Getting Your Cat into the Carrier: A Helpful Guide

Is each trip you take to the vet a dreadful struggle between you and your cat? Is getting your cat into the carrier the most difficult part? Does your feline companion fight you tooth and nail (literally) every step of the way?

Unfortunately, this is a very common problem – and one that our friends ask us about quite frequently. Did you know that 1 in 3 cat owners feel their cat is unwilling to get in a carrier?

Did you also know that 38 percent of cat owners feel anxious at the very thought of trying to get their furry friend to the vet?

The good news is there are several tips and tricks that can greatly reduce the amount of stress your cat (not to mention, you) experience on your next veterinary visit.

Is Your Carrier Cat-Friendly?

The first order of business is to make sure your pet carrier is cat-friendly. This means investing in a model with several openings, often with doors on both ends and on top.

As veterinarians, we appreciate these carriers, as well, as we’re able to remove parts to examine your cat easily.

This allows your little family member to remain comfortable with minimal movement and gives them the ability to stay within the perceived safety of the carrier.


Getting Your Cat Used to the Carrier

Now, just because your carrier is cat-friendly…doesn’t mean your cat knows that it is. It may take some time for a feline family member to get accustomed to spending time inside of its mobile home.

Be careful not to rush things. Start by leaving the points of entry open to the cat at all times and in a place where they already feel comfortable. For example, in their best sunny corner or next to their favorite scratching post.

You may want to line the inside of the carrier with soft blankets, towels, or other cozy material. Most cats are pretty fond of small, comfortable, and warm spaces, so these can really help put your furry pal’s nerves at ease.

Bonus tip: Using a sweater or fleece jacket with a familiar person’s scent on it can help your cat associate its carrier with a positive, comfortable feeling.


Treats: Use Them Wisely

Still no luck, or encountering skepticism? Consider feeding your cat near the carrier. This may take some getting used to for your creature of habit, but simply move his/her food bowl gradually closer to the crate, as necessary.

Once your cat has eaten next to the carrier consistently, try placing the bowl at the entrance of the carrier, so that your furry friend must poke its head inside.

As he/she gets more comfortable, continue to move the bowl further and further in, until going fully inside the crate is no longer foreign.

Another great technique is to reward your cat with a treat for spending time resting inside its carrier. There are many types of treats that cats find appealing, but as with humans, each one is different.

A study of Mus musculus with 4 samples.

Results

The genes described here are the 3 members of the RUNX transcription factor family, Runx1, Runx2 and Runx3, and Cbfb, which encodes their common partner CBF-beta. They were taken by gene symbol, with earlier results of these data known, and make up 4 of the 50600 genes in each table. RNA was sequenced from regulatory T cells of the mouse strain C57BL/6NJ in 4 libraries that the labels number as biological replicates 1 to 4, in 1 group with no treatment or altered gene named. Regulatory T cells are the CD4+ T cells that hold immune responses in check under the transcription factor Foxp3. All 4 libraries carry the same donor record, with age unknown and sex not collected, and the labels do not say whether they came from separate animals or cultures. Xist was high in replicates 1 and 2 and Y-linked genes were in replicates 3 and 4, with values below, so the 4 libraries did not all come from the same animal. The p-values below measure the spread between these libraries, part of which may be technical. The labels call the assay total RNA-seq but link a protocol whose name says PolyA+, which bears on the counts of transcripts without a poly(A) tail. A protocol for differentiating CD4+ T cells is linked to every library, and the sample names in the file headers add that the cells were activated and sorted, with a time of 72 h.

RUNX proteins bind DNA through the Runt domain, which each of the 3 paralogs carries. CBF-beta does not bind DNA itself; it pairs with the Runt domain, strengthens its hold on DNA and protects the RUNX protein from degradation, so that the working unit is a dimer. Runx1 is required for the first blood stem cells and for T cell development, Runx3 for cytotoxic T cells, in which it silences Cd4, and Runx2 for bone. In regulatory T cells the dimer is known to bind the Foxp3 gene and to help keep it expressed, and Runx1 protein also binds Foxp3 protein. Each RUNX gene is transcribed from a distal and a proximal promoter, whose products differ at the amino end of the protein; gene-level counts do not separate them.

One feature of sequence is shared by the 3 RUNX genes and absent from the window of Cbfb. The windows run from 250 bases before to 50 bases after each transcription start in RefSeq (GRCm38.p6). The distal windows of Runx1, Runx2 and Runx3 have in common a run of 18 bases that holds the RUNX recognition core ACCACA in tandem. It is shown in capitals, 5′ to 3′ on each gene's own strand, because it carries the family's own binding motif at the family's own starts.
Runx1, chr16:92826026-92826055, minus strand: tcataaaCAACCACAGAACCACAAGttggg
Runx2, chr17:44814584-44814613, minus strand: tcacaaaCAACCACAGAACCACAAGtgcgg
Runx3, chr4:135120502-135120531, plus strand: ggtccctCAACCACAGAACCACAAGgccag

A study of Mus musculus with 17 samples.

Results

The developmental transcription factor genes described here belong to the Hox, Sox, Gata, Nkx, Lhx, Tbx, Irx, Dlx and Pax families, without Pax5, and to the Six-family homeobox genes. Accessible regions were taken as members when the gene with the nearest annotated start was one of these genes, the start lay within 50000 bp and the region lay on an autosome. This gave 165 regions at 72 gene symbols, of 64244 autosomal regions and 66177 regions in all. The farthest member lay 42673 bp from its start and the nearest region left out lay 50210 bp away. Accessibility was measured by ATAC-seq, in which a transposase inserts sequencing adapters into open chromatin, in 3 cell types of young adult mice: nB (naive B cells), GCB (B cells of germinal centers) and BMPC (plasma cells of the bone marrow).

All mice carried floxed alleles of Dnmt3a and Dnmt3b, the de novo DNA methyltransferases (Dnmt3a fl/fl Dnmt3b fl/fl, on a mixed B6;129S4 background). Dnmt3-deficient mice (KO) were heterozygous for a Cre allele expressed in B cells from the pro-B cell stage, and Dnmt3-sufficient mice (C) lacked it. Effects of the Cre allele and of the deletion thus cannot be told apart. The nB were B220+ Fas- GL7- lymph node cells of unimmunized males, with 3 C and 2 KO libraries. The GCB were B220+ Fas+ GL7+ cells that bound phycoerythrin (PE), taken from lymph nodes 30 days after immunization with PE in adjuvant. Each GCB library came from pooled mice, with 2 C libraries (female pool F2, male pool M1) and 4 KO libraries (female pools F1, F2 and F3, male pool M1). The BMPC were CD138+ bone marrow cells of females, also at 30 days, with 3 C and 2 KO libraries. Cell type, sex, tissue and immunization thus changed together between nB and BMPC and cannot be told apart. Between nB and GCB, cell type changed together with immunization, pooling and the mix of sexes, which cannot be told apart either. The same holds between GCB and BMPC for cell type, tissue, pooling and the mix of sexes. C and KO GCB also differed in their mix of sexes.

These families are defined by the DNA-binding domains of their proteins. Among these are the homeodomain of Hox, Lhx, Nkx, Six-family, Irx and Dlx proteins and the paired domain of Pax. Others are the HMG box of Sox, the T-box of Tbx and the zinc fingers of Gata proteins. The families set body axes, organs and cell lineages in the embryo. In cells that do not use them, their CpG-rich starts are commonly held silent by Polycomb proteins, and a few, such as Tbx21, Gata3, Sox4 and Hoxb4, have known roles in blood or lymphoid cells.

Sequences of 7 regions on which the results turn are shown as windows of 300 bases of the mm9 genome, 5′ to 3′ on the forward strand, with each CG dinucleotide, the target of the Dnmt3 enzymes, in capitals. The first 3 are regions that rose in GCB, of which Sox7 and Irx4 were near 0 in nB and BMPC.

A few tempting treats we suggest are string cheese, canned tuna, low-fat cream cheese, or boiled/canned chicken or turkey. Be tactful in using this incentive by making it exclusive to carrier-related achievements.


Try Anti-Anxiety Spray for Felines

Anti-anxiety sprays, like Feliway, are synthetic copies of a feline facial pheromone that cats use to mark their territory. Many cats respond well to these sprays in nervous situations.

Feliway, in particular, is clinically proven to help reduce the stress of travel and vet exams for cats, limiting related behaviors such as:

  • Vomiting
  • Agitation
  • Excessive Meowing
  • Salivation
  • Urination
  • Defecation

This spray is odorless to humans and can be very effective with some cats in making them feel right at home. Simply spray 8-10 pumps in the cat carrier, on bedding, or in the car, and wait 15 to 30 minutes to allow the alcohol base enough time to evaporate.

The result? A cozy, satisfied kitty customer who is ready to visit his/her favorite veterinarian.


Is Your Cat Ready for a Check Up?

At DLVC, we always aim for our customers to have a carefree veterinary experience, and that’s tough if you can’t get your cat in its carrier.

We want you to know that you’re not alone. In fact, it’s estimated that 52 percent of cats haven’t been examined by a vet in over a year.

Don’t allow your fuzzy companion to go without care. Pay us a visit to ensure your cat is in tip top shape using proven, stress-reducing methods.

When your pet experiences lower levels of anxiety, we can perform more thorough exams, which is crucial to catching medical conditions early on.

To schedule an appointment at Delavan Lakes Vet Clinic, please give us a call at 262.728.8622.